Among them are a number of members of the witch hazel family, the Hamamelidaceae. Whilst some are most renowned for their ornamental qualities at other times of the year, others come to the fore about now.
One of the best is Persian ironwood, Parrotia persica. It is one of our Signature Species: trees that have come to perform a particular role in the collection. Encountered throughout the arboretum, Persian ironwood forms part of the theme of ‘connection’, one of the three principles of the ‘picturesque’ style in which Westonbirt is planted. In autumn, the leaves of the Persian ironwood turn shades of purple, red and yellow. Our examples of the species are virtually all multi-stemmed and form what can be described as large shrubs, although of considerable dimensions.
The common name of Persian ironwood is apt as the species is renowned for its solid wood.
Staying with shrubs, albeit far more diminutive, are our examples of Disanthus cercidifolius. Its leaves showing strong tones of pink and purple stand out, while its interesting, nut-like fruit may also be found on closer inspection. A Japanese native, it tends to colour a little earlier in the season, often from late September onwards, which is indeed the case with a number of plants from that part of the temperate world.
Recently, a new species of Disanthus has been described from North Vietnam, though some regard it as belonging to its own genus, having previously gone under the name of Uocodendron whartonii.
Switching themes just slightly, we have the sweet gums, belonging to the genus Liquidambar. Formerly part of the Hamamelidaceae, Liquidambar is now included in the Altingiaceae. The family was once considered to comprise three genera, Altingia, Liquidambar and Semiliquidambar, though recently all of these have been included within Liquidambar. This has increased the number of species within the genus by more than three times, from four to 15!
Three species are represented at Westonbirt, the most common being the North American sweet gum, Liquidambar styraciflua. Native to vast swathes of the eastern forests in the United States, it extends as far south as Honduras and El Salvador in Central America.
The tree grows wild in swampy areas in the United States, alongside other autumn favourites including swamp cypress (Taxodium distichum) and some of the hickories (Carya spp.).
As well as older plants dotted around the collection, we have recent plantings from seed collections made in West Virginia in 2006 and Georgia 2014, the latter from a tree of considerable stature, with a diameter of well over a metre! An example of the cultivar ‘Worplesdon’ is growing well in the Old Arboretum, notable for its predominantly strong autumncoloration. It also sets fruit, which is not so common for the species in this country, though our tree isn’t quite old enough yet!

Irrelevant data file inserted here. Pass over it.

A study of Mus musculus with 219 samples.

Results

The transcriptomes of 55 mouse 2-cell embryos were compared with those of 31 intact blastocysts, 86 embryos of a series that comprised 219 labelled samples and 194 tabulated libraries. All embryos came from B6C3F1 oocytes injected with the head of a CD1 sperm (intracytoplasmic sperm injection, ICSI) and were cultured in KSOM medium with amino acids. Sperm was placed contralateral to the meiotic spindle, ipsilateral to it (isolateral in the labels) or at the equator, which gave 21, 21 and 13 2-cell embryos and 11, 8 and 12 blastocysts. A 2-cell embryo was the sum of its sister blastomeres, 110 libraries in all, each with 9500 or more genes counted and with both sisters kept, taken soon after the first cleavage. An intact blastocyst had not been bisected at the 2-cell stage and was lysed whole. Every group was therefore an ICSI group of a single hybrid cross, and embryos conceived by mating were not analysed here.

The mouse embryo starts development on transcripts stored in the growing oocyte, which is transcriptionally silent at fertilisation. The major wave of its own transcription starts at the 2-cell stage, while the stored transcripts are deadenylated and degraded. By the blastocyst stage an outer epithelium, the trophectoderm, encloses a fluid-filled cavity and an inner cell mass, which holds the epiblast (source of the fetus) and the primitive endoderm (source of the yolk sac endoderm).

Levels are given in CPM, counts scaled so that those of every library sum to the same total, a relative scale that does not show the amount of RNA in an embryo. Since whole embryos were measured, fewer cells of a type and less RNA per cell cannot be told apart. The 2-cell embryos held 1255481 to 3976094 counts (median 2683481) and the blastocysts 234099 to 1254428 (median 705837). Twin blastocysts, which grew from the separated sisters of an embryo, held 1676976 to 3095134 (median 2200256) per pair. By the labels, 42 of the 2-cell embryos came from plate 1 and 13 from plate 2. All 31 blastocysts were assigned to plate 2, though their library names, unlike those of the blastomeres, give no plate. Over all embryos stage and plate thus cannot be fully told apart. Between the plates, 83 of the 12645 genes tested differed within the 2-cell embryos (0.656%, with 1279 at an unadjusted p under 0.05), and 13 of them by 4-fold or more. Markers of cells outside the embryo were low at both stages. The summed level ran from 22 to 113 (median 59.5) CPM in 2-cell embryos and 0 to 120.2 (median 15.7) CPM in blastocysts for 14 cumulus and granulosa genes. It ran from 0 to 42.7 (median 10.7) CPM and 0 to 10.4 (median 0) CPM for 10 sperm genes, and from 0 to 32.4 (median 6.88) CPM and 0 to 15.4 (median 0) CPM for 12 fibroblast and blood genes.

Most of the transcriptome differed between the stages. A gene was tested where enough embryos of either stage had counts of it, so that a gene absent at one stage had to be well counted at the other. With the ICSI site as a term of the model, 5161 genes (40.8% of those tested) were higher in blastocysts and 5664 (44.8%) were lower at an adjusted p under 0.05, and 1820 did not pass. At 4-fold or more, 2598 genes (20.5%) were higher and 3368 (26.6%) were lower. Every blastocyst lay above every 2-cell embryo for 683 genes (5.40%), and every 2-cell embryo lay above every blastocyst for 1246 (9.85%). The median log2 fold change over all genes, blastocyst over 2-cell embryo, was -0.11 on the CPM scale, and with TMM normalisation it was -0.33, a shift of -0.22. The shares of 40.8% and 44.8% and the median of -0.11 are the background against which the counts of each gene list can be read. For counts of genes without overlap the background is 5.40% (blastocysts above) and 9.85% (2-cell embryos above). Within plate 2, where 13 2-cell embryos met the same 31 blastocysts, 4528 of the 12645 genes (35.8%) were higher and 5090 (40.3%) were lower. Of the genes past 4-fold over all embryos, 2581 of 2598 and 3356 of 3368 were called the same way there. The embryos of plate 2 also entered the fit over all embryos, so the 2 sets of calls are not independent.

Sweet gums often begin to turn in August. Some trees are noted for their ‘traffic lightlike coloration’, as it develops from the top down.
Less lobed (and less common) is Liquidambar acalycina. This Chinese native was introduced to cultivation in 1980, from seed collected from the ‘Metasequoia region’ of Hubei, known for its fantastic plant diversity. Our plants are all young, but establishing very well. Though more known for the flush of their foliage in spring, they are still worthy at this time of year!
Rabbits are evidently keen on sweet gums. Our original tree, which was only young, was ring-barked in 2011. Swift to react, Penny Jones (Propagator) saved the day and took cuttings, from which our current trees grow.
blue The third of the three sweet gums here is the Oriental sweet gum, Liquidambar orientalis. Native to southwest Turkey and the Greek Island of Rhodes, it has recently been assessed for the IUCN Red List of Threatened Species as Endangered. Our plants were collected wild in Turkey, where threats include increased land clearance for agriculture. A less vigorous grower than either of the other two here, its smaller, five lobed leaves are tinted red in autumn.
With maple (Acer) like leaves, sweet gums can be confused with the members of this genus but the arrangement of their foliage easily distinguishes them. In maples, leaves are arranged oppositely whereas in sweet gums, they are arranged alternately.